The U.S. Senate voted narrowly on Tuesday to confirm Britt Grant to Atlanta’s 11th U.S. Circuit, greenlighting the Georgia Supreme Court justice for a lifetime position on the powerful federal appeals court that frequently takes on hotly contested issues such as gun rights and the death penalty.
The vote largely fell along party lines, with three Democrats joining 49 Republicans to confirm the former Georgia solicitor general. The final tally was 52-46.
GOP boosters, including Georgia U.S. Sens. David Perdue and Johnny Isakson, called Grant an experienced and well-liked conservative jurist.
“Clearly, Justice Grant is immensely qualified to fill this Court of Appeals vacancy, and there is no doubt in my mind that she will do a fantastic job,” Perdue said Monday on the Senate floor. “In fact, our country needs more judges like Justice Grant.”
But Senate Minority Leader Chuck Schumer framed Grant’s legal philosophy as “extreme” in the lead-up to Tuesday’s vote. The New York Democrat echoed stances taken by some civil rights and abortion rights groups, which cited cases she argued as Georgia’s solicitor general on issues such as voting rights, gay marriage and the state’s “fetal pain” abortion law.
“From reproductive rights to gun safety, name a partisan legal case from the past five years and there’s a good chance Britt Grant has been involved, taking up a fringe legal argument way out of the American mainstream to weaken well-established rights and overturn a precedent in pursuit of an ideological objective,” Schumer said.
Senate Democrats also sought to tie Grant to her former boss, D.C. Circuit Court Judge Brett Kavanaugh, as they scrambled for ways to block his nomination to the U.S. Supreme Court.
But their strategy was not enough to halt the Senate’s vote on Grant’s nomination, which occurred nearly four months after the Atlanta native was first tapped by the Trump administration.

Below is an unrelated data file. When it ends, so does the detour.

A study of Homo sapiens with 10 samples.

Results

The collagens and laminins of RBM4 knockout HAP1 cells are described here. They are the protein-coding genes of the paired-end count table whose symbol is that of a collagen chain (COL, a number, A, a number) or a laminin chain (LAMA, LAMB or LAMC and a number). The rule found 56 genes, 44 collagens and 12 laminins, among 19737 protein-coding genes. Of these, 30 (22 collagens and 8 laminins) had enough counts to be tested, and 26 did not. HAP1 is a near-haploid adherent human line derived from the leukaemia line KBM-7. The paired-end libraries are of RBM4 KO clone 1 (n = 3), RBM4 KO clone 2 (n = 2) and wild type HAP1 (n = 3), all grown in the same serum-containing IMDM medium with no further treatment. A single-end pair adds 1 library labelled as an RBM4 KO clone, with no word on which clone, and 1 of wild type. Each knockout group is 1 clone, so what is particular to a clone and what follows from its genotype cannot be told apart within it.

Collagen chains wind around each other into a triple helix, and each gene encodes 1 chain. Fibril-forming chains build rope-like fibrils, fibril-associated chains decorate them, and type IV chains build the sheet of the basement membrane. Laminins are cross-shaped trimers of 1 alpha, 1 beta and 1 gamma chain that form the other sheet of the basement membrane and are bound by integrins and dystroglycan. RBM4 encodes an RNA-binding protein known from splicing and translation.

Grant’s nomination was briefly held up due to an unrelated dispute over trade. The intra-GOP fight infuriated Isakson and Perdue, who pressured their colleague U.S. Sen. Jeff Flake, R-Ariz., to drop holds he placed on Grant and all of President Donald Trump’s circuit court nominees.
Isakson on Monday called Grant an “outstanding jurist.”
“I don’t remember ever having a judge come before this body, since I have been in Congress, from my home state of Georgia who had more people pulling for her, more people wanting her to win, more people who think she is the right person at the right time for the United States of America,” he said.
Grant rose quickly through Georgia’s political and legal circles. She worked for the George W. Bush administration and then-Congressman Nathan Deal before heading to Stanford University’s law school, where she was president of its Federalist Society, an influential conservative-leaning legal group.
She went on to clerk for Kavanaugh and work in private practice. Grant served as the state’s solicitor general beginning in January 2015, until Deal appointed her to the state appellate court bench two years later.
Grant, whom Trump earlier named to his Supreme Court shortlist, is the administration’s third appointment to the busy 11th U.S. Circuit Court. The Senate previously confirmed former Georgia Court of Appeals Judge Elizabeth Branch and Birmingham attorney Kevin Newsom to the 12-member panel.
Grant now succeeds Judge Julie Carnes, who took senior status in June. At 40 years of age, Grant will likely be able to hold the position for decades, no small factor as the Trump administration seeks to ensure the appeals court’s rightward tilt.
The 11th U.S. Circuit Court hears cases from Georgia, Alabama and Florida. One rung below the U.S. Supreme Court, the panel hears nationally significant matters involving voting rights, immigration and the dividing line between church and state.
The court ruled last year that Title VII of the Civil Rights Act does not prohibit employers from discriminating against workers based on their sexual orientation. But other federal appeals courts later issued contrary opinions.
The 11th Circuit has also made it more difficult for plaintiffs to prevail in hostile work environment claims. Following 11th Circuit precedent, lower court judges now dismiss most sexual harassment claims before they go to trial.